House Breaking Your New Puppy
(This works the same way with older dogs that may be new to you.)
This is a follow-up piece to my last blog on crate training. In this piece, I will assume that you have now crate trained your puppy but if not, the following advice still applies.
New puppies, like babies, just go when they need to go. They don’t try to communicate with us to let them outside (this comes later) nor do they spend much time looking for an appropriate area to go. The only consideration they may have, and this is often lost on dogs who are kept in and forced to defecate in kennels, is that you don’t dirty where you sleep. For newly crate trained puppies this usually means they don’t go in their crate. It does not mean they don’t go in the house. So, what are the best ways to house train your puppy?
First pick a spot. This place should be near the house and is usually outside on the lawn, sidewalk – please remember to always pick up after your dog – or some other special place (here I am thinking about a special poop spot like the corner of the back yard.)
Second, eliminate accidents in the house. Remember that this is 100% your responsibility so if there is an accident it is your fault and not the puppy’s. Do not scold the puppy or rub their nose in it (this just makes you look like a crazy person to them and it interrupts the bonding process). When accidents happen, and they inevitably will despite our best efforts, simply clean it up with an enzyme based cleaner (there are several brands generally available in pet stores) and proceed with the training. Do not use ammonia based cleaners as these leave an ammonia smell behind; this smells like pee to puppies and attracts them to the area.
Your job is to get the puppy to go in a place of your choosing early and often. As soon as you awake in the morning, carry the puppy from the crate to your chosen spot and then put them down and wait. If you interact with the puppy at this point, it will distract them from what you want them to do, so wait quietly and patiently. As soon as they go say “good dog” softly and give them a tasty treat. If they pee but don’t poop right away, you may want to take them into the house for breakfast but watch them carefully, then after they eat return them to the ‘go spot’ to let them try again. Having your puppy on a regular feeding schedule will help you know when they are likely to need to poop. It is important that you move outside with the puppy so that you can reward them every time they pee or poop outside. Make sure you give them the treat at the ‘go spot’ so that they begin to associate being there with emptying themselves and getting a treat. Once they learn these connections they will attempt to go to the spot to get more treats.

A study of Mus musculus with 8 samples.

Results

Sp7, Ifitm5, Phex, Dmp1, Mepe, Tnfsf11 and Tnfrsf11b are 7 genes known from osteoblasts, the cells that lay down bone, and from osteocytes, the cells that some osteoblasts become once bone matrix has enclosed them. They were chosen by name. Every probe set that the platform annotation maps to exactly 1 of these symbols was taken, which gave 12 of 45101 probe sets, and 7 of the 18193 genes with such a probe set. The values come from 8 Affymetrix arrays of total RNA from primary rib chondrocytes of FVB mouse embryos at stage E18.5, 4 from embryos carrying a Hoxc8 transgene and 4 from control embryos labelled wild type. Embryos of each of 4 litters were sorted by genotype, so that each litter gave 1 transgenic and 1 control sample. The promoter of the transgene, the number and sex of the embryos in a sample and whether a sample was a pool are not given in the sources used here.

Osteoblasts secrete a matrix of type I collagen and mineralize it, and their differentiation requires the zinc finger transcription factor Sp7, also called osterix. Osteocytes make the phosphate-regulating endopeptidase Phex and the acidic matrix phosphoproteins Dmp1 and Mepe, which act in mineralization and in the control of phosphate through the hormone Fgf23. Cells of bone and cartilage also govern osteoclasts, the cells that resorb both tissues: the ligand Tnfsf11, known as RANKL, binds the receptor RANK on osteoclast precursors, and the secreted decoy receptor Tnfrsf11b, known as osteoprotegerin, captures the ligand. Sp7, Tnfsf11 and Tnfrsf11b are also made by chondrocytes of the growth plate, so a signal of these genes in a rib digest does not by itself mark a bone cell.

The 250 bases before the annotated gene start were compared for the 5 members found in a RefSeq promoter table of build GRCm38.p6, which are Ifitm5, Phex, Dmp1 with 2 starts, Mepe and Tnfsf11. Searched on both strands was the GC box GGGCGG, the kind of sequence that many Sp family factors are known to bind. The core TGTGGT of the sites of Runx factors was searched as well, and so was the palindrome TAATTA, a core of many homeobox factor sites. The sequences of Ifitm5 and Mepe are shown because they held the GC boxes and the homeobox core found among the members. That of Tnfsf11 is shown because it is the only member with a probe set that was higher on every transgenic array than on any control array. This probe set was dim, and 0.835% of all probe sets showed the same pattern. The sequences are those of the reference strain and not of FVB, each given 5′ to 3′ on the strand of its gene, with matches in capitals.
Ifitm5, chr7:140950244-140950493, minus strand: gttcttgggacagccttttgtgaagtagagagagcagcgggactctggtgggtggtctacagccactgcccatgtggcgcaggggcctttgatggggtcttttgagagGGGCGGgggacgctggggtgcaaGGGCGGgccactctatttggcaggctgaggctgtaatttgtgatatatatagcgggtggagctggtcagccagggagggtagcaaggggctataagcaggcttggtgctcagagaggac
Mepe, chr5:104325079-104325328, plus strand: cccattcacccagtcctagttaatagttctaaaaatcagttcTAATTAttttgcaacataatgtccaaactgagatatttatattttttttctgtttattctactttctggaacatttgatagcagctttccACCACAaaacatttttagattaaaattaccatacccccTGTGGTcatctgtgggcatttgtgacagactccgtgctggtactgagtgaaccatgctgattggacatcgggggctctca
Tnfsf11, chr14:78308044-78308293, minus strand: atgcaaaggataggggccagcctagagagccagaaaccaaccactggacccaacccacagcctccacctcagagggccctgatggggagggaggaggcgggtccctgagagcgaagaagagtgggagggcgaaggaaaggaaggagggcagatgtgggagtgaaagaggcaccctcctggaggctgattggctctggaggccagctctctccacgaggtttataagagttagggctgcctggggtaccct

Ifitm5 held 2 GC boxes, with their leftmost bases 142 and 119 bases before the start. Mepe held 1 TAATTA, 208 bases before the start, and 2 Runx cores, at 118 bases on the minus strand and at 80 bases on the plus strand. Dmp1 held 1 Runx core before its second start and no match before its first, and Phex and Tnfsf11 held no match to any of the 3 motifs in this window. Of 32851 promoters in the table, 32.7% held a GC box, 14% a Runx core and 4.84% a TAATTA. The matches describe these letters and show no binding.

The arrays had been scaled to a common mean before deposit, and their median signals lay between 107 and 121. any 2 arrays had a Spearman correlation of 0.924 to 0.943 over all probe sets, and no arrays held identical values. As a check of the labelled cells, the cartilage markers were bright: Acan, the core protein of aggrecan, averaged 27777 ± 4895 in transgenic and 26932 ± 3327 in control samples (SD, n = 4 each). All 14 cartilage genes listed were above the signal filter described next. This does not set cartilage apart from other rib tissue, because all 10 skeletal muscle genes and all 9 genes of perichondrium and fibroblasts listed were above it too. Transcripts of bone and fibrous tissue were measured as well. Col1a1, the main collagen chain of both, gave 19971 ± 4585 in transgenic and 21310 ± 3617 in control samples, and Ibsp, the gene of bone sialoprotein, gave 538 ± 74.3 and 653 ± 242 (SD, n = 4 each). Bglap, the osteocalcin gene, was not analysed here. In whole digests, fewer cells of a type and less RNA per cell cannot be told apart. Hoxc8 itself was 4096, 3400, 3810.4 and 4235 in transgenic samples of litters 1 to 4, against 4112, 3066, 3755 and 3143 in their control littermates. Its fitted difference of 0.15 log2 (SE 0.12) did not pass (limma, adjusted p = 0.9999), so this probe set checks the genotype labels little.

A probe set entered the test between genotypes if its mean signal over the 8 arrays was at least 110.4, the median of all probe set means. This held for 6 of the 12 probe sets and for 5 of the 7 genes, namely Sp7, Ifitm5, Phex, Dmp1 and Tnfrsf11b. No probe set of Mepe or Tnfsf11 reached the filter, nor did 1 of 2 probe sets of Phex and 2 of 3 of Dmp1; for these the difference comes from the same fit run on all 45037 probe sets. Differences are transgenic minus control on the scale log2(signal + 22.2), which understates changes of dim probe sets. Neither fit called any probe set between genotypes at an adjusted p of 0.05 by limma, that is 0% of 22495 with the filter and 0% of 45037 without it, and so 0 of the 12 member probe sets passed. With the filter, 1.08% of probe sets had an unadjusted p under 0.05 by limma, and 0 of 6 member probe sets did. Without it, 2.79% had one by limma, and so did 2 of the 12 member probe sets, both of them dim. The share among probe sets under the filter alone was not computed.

Now, this is very important. Only empty dogs get to play in the house. Empty means both pee and poop soon after waking. Being empty allows them 30 to 45 minutes of monitored play with you, your children, or other animals. This rule continues throughout the day; the puppy has to pee and poop in the morning, and then pee throughout the day before being allowed to play in the house. If the puppy, during play starts looking for a place to go, simply take them outside to the ‘go spot’ and then reward them for going. When you are playing outdoors with the puppy or allowing them time to explore, make sure you have treats with you so that you can reward them every time they go. After they empty out feel free to take them inside to play for between 30 and 45 minutes, then take them outside before you gently put them into their crate for a nap. Puppies are like small children in that they pee and/or poop, eat, play and sleep in cycles throughout the day. Your job is to make sure they get enough visits outside to stay empty. If you play with the puppy and then they are ready for sleep before emptying, just make sure that the first thing they do upon waking is going directly to their ‘go spot’.
After a few days of this pattern, begin having the puppy follow you to the go spot and reward them after they go (generally not for the first pee in the morning when their bladder is likely to be very full but as you play, every 20 minutes or so have them follow you to the ‘go spot’). Once the puppy has the hang of this, you can teach them to alert you when they want or need to go out by hanging a bell from the door knob. The best bell for this is one shaped like the Liberty bell or church bells.
Begin by ringing the bell gently yourself every time you open the door and go outside. After the puppy has seen this a few times you can stick a little bit of peanut butter to the inside of the bell to encourage them to nose the bell and actually ring it. Every time they ring the bell you open the door, even if they just rang it while going for the peanut butter. Keep practicing until the puppy gets used to ringing the bell to go outside.